Remember When: The roots of a plant tell a story

Remember When: The roots of a plant tell a story

By Guest Columnist Mary Jane Boutwell


Several weeks ago, Ann and Bill McKay gave me a few volunteers from last year’s cherry tomatoes and climbing spinach. They are looking good and need to be in the ground. But, I got sidetracked, as climbing spinach was not in my field of knowledge. The closest I have found in my books has been trailing spinach (New Zealand), a warm weather type. 

Somewhere around 50 years ago, Mama came home from Alabama with a rose cutting. She told of it, running rose, being used around Aunt Sally’s porch to create shade. It was pruned back after blooming, and the prunings were thrown across the fence into the pasture. It bloomed as an orange bud and faded to a full blown golden color. Over the years, it was lost, until Mama and her sisters were driving around remembering old times when one looked up into the top of a tree and said, “That’s Aunt Sally’s rose!”

I now have several of them. This is not just a running rose. I planted nine by a tall tree stump in the glade. Over several years, it disappeared. Early one summer while mowing, I looked down and saw a half inch leafless vine running across the yard. About 50 or 60 feet from the original plant (on the place to the west of us) it was blooming. The best I can figure, the original was 100 years or so old. By the way, this is not just a running rose. Someone poured scalding hot water on it, and it took off like a scolded cat.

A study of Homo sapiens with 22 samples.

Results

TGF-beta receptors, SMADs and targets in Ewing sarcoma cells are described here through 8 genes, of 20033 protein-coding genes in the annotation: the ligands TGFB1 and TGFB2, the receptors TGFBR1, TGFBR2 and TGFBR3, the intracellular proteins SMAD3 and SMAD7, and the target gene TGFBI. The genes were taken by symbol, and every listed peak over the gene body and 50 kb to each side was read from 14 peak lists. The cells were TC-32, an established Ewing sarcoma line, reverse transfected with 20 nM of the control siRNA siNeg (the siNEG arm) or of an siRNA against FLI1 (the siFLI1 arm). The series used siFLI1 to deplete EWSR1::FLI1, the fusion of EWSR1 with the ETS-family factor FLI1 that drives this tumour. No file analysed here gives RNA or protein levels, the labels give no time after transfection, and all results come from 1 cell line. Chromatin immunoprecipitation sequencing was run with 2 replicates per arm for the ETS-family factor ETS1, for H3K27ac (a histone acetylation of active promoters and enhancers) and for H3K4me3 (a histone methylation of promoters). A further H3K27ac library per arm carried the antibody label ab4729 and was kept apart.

I wrote about Hubert Davis in WW2. He was an interesting man with many wonderful down home stories. One I like was of his growing and harvesting bush butter beans. He waited until most of the beans were ready to pick, pulled the plants up, and sat in the shade to pick and shell them. 

Years ago at the Garden Days of Crystal Springs experiment station, I bought a pack of turkey craw pea seeds, a heritage breed. They are speckled, run up the fence like running beans with very long pods, cooks up and taste a lot like pink-eyed purple hulled peas. The deer love them. 

What got me started was the seedling tomatoes. Years ago, we were visiting kinfolk in McKenzie, Alabama. Sitting around the kitchen table talking, we were eating from a bowl of Tommy Toe Tomatoes. They were delicious. I asked Aunt Elmer where she got them. Her answer, “I dug them up out behind the outhouse.” We continued to eat and enjoy. She could grow most anything from a seed. 

My children were grown before I learned that Aunt Elmer was really Aunt Elma. 


EDITOR’S NOTE: Mary Jane Boutwell is a passionate historian and is thrilled to share stories about way back when.